The Straits Times understands that representatives from the Singapore Sports Council (SSC) have met the Argentinian to discuss a collaboration for a junior tennis academy that will be launched here within the next five years.

SSC chief executive officer Lim Teck Yin, who visited Rodriguez at the tennis academy he runs in Beijing late last year, told ST yesterday: "We've given ourselves a tentative target during the period of the WTA Championships to be able to launch, go out and meet interested partners and Carlos is certainly one of them.

"We've got to be respectful of Carlos' commitments in Beijing.

"He may not be (with us) full-time but certainly may be a partner of some sort. 

"He's someone I gather is culturally sensitive, someone who has decided that he wants to make an impact in this part of the world. 

"He has very boldly decided to commit to China and, hopefully, to South-east Asia as well." 

Rodriguez had previously steered former world No. 1 Justine Henin of Belgium to seven Grand Slam titles in a partnership of over 15 years.

He currently coaches world No. 3 Li of China and has been largely credited with the 31-year-old's return to form after a slump that followed her 2011 French Open victory.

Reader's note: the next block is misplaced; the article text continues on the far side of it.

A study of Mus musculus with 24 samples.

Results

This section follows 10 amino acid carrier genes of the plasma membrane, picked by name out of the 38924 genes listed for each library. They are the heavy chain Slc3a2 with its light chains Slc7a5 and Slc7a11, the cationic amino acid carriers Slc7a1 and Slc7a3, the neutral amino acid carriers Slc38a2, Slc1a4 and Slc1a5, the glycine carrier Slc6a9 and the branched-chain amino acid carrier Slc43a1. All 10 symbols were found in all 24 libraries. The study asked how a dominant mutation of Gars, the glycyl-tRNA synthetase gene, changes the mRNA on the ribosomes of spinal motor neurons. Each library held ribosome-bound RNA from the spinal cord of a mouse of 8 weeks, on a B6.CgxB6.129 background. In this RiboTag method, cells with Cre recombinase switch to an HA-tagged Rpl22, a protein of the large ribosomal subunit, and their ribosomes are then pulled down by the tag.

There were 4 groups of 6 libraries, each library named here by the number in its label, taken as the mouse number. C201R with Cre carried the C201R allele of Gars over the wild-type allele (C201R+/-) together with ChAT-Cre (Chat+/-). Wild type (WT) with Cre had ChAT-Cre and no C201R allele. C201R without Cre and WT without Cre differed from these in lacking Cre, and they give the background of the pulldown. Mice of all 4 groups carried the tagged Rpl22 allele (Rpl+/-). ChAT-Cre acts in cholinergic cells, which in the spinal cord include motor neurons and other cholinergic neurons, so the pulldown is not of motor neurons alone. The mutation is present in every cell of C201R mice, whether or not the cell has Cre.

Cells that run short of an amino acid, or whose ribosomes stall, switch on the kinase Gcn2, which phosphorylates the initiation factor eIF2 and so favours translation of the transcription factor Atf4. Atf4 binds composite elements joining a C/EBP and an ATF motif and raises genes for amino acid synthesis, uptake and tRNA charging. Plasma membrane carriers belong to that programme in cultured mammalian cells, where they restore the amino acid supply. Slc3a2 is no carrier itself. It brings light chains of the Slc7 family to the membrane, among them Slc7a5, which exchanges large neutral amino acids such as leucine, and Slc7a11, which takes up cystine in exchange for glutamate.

He said: "It is a very nice, inspiring and amazing project and I hope that they can achieve their goals because it will be a very good thing for Singapore and Asian tennis." 

While Singapore's successful bid to host the prestigious WTA Championships for the next five editions provided impetus for the academy, Lim said proposals for such a facility had always been part of the plan - starting from when the SSC first explored a partnership with Barcelona's Sanchez-Casal Tennis Academy around 2011. 

But feasibility was an issue, with studies showing that a private start-up would not have worked well. 

The academy will therefore likely be a partnership between the public and private sectors. 

A plot in Kallang has already been earmarked for it and will house about 20 to 24 courts, including clay and covered ones.

Said Lim: "We want to raise the level of technical capability in Singapore... (and) create a training base that also encompasses competitions."

It would give Singapore the ability to work with other tennis academies in South-east Asia, creating a circuit of training bases and competitions for young talents. 

Lim added that a few other individuals have also indicated their interest to be involved with the academy but declined to reveal who they were until further talks had been conducted. 

The ages and number of players that the academy will accommodate will also be firmed up later.

Said Lim: "We must at least have the ability to deal with the age group between 10 and 14. 

"That means we'll have a stable base for these young players to... iron out all their technical elements of their game."